Despite having no action scenes, a 2.5 hour running time, and based around the tired subject of tobacco, “The Insider” manages to be one of – if not the best thriller of the year.
Michael Mann has created a tense character drama which has all that more an impact thanks to the fact that the events involved in it are true to life. There is no clear win-lose situation, the characters are all different shades of grey, and it bites in the politics behind TV news and the tobacco industry.
Crowe and Pacino give solid and engaging performances, but neither is particularly memorable. While it gets to show off each of their talents, they’re playing roles very similar to ones they’ve done before – and so these turns don’t stand out.
The chemistry between the pair is good, far superior than the Pacino-DeNiro mix in Mann’s previous film “Heat”. Christopher Plummer steals the show with his uncanny impersonation of “60 Minutes” reporter Mike Wallace, here portrayed as a gruff man who juggles between a fierce loyalty to Pacino and the fear of ending his career on a low note.
Gina Gershon also makes a great cameo, shedding her bombshell image for that of a sharp professional lawyer for CBS. Because of the nature of the story, the film is slow placed and not much happens in the way of actual plot which mixes aspects of a political and paranoia thriller.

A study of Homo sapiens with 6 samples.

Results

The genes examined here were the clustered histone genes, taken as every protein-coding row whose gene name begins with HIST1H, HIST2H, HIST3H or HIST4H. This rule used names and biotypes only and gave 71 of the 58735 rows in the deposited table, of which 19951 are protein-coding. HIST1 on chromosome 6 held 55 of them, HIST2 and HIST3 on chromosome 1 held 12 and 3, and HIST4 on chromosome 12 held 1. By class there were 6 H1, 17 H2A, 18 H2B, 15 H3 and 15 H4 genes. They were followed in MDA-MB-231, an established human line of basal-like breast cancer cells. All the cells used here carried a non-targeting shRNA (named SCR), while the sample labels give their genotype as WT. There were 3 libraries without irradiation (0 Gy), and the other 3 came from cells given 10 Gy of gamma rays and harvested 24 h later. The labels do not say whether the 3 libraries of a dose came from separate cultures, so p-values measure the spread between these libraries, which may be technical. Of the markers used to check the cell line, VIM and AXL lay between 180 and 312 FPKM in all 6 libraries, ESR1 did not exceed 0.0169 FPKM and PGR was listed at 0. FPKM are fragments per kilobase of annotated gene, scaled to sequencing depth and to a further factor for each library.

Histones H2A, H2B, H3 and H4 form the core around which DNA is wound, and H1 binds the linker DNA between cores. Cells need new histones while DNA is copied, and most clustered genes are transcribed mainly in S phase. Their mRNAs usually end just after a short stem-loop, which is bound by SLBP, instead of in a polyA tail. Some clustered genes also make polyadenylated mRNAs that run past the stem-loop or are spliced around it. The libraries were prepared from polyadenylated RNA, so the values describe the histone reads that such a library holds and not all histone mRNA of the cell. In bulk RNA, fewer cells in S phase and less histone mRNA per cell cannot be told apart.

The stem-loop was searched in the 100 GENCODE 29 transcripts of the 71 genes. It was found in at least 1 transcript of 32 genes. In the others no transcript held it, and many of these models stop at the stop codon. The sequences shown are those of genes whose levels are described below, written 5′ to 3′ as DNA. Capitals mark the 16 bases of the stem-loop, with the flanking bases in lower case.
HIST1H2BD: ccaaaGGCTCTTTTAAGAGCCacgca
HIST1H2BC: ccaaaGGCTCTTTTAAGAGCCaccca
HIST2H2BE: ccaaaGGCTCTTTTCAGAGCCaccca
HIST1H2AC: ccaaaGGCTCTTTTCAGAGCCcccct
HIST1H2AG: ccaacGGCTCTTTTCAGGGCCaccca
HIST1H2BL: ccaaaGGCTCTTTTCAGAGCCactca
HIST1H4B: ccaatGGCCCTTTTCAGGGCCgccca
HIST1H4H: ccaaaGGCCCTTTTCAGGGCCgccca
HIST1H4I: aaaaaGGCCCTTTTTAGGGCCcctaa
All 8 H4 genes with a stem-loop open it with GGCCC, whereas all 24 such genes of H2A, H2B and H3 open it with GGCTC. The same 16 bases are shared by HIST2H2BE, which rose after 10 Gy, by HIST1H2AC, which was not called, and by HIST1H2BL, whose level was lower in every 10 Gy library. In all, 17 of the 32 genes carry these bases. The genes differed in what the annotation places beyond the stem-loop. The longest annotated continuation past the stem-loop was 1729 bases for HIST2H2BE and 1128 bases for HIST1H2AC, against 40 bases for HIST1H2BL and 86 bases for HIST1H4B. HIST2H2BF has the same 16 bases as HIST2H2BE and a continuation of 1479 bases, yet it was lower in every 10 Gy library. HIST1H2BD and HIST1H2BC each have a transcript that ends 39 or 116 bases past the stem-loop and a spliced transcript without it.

The attacks at legal hypocrisy are sharp but sadly once brought up aren’t clearly resolved. The paranoia aspects though are great thanks to Mann’s imaginitive cinematography and ability to create some truly atmospheric moments which are far more tense than pretty much any scene in recent horror films.
In the end though the slow pacing and lack of action will shy away younger audiences, but be aware these are just minor flaws which will only be noticed by that demographic. This is very much an adult drama which is fascinating even if you have no idea of the real story behind it (like me). Certainly, this is one of the year’s best.